People have begun referring to Monira and her team as the community poultry doctors. She and the other women vaccinators save money from their work in a joint account, which they intend to use to set up their own commercial farm soon.

©FAO/Jilani
03/05/2019

Monira Parveen Mala used to watch her mother cry herself to sleep after losing one of her beloved ducks or chickens to disease. Many other families in her community were also losing their poultry, but no one knew why their chickens were dying or how to prevent it.

For many Bangladeshi women in rural villages, their chickens represent their only opportunity to earn money independently, the money they often use to send their children to school. However, until recently, up to 80 percent of chicks belonging to women like Monira’s mother were dying within 15 days of hatching – a heavy loss considering that the value of an adult chicken is six times that of a chick.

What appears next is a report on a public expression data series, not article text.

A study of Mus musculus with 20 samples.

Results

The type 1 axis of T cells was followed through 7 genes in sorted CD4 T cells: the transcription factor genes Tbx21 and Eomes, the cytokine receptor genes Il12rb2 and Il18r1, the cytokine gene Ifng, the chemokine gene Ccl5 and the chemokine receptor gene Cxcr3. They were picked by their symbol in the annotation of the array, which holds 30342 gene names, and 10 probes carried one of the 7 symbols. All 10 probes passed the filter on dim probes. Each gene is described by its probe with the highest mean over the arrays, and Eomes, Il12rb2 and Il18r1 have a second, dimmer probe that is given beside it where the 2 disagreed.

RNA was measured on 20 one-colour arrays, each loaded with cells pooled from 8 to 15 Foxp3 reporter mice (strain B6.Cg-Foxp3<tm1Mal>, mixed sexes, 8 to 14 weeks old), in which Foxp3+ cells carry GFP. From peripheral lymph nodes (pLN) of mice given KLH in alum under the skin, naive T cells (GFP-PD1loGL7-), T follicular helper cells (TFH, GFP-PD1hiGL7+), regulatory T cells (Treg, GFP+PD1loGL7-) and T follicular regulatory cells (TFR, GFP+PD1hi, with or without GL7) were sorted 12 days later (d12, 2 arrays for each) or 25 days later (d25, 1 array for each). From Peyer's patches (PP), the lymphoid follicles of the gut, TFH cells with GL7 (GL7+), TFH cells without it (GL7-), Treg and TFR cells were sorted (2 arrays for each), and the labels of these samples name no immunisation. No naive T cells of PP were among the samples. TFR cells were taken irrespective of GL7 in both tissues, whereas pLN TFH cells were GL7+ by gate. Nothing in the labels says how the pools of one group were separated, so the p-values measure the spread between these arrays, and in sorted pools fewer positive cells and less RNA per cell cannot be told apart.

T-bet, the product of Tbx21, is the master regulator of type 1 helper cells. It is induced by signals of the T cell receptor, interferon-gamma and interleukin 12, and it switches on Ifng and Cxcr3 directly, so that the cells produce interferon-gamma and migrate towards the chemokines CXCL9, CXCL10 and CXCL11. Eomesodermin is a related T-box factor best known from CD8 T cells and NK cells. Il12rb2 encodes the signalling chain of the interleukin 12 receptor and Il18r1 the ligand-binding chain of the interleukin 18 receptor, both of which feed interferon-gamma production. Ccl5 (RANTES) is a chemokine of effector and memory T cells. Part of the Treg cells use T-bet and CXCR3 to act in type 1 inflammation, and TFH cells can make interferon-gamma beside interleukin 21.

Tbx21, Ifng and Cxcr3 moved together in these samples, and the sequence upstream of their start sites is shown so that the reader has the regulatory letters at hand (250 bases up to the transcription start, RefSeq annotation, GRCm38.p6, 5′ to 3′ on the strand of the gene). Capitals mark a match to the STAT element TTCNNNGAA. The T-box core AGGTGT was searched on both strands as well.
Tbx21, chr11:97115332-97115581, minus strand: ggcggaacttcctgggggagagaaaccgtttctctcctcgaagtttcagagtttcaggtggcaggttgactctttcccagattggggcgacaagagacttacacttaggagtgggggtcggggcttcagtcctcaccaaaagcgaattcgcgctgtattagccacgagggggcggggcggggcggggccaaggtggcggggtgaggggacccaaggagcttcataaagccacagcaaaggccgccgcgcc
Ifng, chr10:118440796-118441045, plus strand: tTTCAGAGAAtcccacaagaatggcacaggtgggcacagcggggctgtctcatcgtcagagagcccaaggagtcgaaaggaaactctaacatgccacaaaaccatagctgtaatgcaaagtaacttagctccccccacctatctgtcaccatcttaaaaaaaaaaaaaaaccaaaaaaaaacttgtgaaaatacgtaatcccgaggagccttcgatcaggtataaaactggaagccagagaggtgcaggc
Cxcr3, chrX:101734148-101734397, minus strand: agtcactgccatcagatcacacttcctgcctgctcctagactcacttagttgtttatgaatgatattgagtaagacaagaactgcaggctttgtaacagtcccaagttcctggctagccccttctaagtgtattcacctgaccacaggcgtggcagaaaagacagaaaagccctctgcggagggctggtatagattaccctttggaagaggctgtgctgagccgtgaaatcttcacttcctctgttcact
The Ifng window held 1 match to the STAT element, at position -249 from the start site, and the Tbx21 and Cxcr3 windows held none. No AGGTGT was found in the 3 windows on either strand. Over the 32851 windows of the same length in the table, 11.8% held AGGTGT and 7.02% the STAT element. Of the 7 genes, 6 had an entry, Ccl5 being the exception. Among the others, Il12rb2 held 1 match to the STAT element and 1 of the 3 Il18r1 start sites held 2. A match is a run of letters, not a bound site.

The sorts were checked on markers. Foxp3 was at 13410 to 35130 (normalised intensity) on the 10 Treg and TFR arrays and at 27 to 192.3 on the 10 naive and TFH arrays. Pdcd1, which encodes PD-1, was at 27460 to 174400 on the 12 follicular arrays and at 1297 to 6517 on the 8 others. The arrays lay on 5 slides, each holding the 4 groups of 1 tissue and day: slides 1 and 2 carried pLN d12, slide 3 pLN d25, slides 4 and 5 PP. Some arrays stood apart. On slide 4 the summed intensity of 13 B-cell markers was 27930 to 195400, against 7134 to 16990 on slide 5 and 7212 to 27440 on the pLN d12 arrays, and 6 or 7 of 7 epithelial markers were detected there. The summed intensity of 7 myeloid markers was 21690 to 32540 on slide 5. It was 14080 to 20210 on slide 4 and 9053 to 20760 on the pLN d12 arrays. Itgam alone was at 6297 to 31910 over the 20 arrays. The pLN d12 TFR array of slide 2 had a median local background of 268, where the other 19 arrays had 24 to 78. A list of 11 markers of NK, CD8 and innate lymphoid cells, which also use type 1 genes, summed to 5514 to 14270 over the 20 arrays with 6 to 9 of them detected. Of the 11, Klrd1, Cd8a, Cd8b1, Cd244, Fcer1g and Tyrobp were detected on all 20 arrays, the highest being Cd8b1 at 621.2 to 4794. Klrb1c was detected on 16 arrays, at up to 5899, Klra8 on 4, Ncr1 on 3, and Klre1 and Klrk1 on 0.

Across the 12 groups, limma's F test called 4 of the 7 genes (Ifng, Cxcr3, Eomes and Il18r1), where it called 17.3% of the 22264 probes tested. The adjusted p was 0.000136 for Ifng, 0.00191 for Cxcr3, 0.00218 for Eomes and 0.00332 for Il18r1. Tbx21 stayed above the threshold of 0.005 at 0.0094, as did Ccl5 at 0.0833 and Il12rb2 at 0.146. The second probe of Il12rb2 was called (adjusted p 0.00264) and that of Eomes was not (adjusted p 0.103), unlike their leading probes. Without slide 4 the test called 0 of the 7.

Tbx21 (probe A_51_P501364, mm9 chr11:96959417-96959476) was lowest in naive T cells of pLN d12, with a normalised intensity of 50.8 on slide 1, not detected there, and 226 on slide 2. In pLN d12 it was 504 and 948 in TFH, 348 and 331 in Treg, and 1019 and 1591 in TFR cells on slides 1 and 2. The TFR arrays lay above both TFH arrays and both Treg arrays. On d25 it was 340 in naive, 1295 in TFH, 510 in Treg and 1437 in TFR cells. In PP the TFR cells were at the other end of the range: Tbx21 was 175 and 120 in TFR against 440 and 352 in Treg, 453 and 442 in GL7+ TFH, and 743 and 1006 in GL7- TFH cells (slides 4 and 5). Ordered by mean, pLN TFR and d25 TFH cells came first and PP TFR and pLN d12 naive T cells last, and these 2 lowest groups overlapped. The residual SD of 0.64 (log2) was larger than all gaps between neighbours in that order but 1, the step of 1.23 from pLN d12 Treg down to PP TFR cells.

But one day in her village of Tolot South, Monira finally learned the names of the illnesses killing her mother's chickens: Newcastle disease and Fowlpox. And what’s more, she learned how she could help prevent that from happening.

Veterinarian and livestock officer Dr Harun Rashid had recently started going out into the community to conduct participatory disease surveillance after receiving FAO Upazila to Community (U2C) training. This initiative encourages government livestock officers to regularly visit farmers in the sub-district, or ‘Upazila’, they oversee.